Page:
KiMBALL PETERSON

AUTHOR - LIFE HACKER- CREATIVITY EXPLORER

Are Hypnosis Apps Effective?

In the current novel I'm writing, Blood Sacrifice, the subtle use of drug enhanced hypnosis plays a vital part in the plot.

In the course of researching hypnosis, findings were inconclusive at best. It appears to have some effectiveness helping people cope with pain, stress and anxiety. It might help with quitting smoking or losing weight. For unknown reasons, some people are more suggestible. But it is not a panacea. It is basically a form of guided relaxation and focused attention. Cognitive therapy for example, which you can be trained to do on your own, is at least as effective.

As an active experimenter, I thought I'd try a variety of recorded hypnosis sessions on various Apple iPad apps to see if I felt any different after using them. I chose two of the highest reviewed and used them for a minimum of thirty days. I wrote the results in my Daily Writer's Journal.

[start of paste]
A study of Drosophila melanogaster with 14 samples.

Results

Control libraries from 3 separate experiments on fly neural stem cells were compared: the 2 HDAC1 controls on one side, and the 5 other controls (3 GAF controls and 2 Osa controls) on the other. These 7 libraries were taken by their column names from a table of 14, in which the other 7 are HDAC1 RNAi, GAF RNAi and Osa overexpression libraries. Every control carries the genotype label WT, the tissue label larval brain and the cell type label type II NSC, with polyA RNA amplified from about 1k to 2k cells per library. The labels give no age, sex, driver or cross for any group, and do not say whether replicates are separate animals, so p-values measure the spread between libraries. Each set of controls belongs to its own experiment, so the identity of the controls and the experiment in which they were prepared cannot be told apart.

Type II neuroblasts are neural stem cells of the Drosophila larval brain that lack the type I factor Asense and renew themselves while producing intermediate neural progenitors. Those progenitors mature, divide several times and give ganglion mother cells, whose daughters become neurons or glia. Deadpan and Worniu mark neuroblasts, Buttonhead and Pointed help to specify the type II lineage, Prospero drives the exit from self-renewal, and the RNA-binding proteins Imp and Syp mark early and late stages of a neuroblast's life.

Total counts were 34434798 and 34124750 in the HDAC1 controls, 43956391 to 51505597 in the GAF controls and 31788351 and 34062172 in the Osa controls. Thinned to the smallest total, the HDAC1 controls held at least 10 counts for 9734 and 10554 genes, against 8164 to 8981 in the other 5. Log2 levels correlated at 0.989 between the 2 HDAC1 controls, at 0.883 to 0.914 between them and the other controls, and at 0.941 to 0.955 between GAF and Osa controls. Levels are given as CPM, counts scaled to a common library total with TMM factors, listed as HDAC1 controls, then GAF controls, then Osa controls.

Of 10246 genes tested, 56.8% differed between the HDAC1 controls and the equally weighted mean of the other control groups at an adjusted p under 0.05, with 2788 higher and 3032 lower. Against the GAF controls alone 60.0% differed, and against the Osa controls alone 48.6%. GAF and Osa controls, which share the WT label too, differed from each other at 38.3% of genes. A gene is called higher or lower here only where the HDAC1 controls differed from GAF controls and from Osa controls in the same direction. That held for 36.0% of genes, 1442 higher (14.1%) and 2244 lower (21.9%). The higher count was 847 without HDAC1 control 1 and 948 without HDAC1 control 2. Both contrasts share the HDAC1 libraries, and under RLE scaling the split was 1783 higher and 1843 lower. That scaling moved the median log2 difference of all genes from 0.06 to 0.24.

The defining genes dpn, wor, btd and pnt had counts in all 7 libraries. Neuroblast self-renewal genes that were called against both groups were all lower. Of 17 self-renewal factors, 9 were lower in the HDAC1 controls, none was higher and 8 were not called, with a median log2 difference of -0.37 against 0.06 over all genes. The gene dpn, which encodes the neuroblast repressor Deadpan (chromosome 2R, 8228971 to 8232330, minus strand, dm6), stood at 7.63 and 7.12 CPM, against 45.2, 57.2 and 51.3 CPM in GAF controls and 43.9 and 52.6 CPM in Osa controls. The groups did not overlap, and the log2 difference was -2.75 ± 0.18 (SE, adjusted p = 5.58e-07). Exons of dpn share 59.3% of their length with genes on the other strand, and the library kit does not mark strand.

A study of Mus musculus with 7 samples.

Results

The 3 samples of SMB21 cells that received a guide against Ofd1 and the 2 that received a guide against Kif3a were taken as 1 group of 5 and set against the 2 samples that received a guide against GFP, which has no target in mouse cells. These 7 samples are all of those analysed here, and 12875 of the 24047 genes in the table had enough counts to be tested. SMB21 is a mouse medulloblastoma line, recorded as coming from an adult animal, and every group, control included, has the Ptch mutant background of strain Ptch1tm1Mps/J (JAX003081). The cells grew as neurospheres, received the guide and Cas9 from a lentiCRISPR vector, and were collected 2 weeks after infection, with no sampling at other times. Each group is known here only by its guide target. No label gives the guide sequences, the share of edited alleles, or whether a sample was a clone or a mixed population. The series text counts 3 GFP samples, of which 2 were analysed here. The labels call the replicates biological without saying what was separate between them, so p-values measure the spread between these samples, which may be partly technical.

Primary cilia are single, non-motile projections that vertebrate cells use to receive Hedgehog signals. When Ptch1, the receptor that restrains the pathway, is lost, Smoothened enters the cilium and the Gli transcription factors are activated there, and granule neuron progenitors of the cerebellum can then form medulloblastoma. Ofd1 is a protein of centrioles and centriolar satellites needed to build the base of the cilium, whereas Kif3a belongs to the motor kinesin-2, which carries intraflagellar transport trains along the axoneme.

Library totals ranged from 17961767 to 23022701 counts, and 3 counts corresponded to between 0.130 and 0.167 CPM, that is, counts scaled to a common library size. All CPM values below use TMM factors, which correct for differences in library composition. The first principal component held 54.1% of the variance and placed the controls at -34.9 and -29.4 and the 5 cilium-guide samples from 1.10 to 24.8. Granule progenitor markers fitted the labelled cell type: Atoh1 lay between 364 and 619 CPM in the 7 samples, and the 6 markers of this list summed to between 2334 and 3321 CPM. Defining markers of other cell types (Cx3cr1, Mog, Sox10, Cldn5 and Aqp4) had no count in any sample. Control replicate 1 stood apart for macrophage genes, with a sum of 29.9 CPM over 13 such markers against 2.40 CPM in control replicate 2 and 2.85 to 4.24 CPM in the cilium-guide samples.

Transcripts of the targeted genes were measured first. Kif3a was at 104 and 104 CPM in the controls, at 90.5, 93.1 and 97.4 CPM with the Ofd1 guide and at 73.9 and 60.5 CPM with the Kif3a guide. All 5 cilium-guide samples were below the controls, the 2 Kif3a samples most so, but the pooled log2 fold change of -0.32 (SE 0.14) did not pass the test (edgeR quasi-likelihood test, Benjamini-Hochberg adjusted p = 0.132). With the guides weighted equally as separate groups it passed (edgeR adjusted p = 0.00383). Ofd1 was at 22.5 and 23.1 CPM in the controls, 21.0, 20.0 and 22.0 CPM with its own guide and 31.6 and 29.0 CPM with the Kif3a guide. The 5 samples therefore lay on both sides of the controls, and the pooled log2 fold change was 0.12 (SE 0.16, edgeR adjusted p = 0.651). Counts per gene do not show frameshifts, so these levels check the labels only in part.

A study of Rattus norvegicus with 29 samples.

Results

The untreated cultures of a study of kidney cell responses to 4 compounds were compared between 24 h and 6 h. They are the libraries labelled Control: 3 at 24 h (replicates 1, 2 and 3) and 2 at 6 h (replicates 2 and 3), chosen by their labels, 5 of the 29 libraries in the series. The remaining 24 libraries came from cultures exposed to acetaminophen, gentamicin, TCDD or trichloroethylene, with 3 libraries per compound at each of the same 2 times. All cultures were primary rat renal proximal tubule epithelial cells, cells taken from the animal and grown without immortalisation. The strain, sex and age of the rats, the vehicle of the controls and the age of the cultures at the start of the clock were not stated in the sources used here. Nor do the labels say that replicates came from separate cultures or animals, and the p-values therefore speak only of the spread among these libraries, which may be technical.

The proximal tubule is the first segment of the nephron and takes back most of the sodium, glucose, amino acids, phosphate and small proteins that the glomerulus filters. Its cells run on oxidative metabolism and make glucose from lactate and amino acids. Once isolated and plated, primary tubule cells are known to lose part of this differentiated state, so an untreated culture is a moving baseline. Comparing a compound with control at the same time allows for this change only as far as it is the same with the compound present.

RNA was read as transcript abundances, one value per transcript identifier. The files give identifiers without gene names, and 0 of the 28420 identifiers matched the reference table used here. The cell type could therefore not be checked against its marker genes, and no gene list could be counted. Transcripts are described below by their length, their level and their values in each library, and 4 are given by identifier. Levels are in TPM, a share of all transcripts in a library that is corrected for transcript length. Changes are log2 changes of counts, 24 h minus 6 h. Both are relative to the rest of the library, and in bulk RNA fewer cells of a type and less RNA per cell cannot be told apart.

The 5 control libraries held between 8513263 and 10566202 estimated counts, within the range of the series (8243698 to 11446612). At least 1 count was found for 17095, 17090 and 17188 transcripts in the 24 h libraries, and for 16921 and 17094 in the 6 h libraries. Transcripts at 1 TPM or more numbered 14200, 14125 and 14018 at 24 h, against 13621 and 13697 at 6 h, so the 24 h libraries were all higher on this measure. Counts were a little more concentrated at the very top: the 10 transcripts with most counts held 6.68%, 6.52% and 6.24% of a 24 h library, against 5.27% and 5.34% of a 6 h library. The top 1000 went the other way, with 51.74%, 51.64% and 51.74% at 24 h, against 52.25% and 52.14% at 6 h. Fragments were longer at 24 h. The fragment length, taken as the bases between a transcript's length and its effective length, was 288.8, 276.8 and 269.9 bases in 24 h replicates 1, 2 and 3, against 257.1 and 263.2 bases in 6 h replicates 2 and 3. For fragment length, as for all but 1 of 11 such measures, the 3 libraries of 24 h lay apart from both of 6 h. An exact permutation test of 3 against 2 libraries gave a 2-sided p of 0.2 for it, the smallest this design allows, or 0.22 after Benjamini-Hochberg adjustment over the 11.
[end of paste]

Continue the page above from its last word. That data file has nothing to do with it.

This is what I found: no meaningful impact on my writing performance or mood. In fact I slept through many of the sessions because they were incredibly soothing to listen to.

As relaxation apps they were terrific. As performance enhancers, they did nothing that I could quantify.

But I’m skeptical by nature and since hypnosis works best on those who believe in its efficacy, I’m not a good subject. As an example of the importance of innate suggestibility, comedy hypnotists in Las Vegas skillfully choose participants who are most likely to respond to suggestion on stage. In essence, they pick the people - consciously or subconsciously - who most want to do crazy things in front of an audience. For these subjects, the experience is totally real. Not only are they open to suggestion, they are smitten with it. But alas, I’m not one of them.

What does work for me? Written cognitive exercises combined with written affirmations and mindfulness exercises such as gratitude and forgiveness practices. They don’t put me to sleep and actually do create a shift in attention. I also find music, and motivational apps like Peptalk, helpful to pump up energy and motivation. And just getting the daily quota of work done makes me feel better and maintains momentum.

Bottom line: do hypnosis apps work? Perhaps for other people, but not me.

Hypnosis is another of those mysterious mental black holes where we just don’t know enough about the underlying processes to say for certain why it works for some people and not at all for others.

If you’re drawn to it, by all means give an app a try. It might just work for you.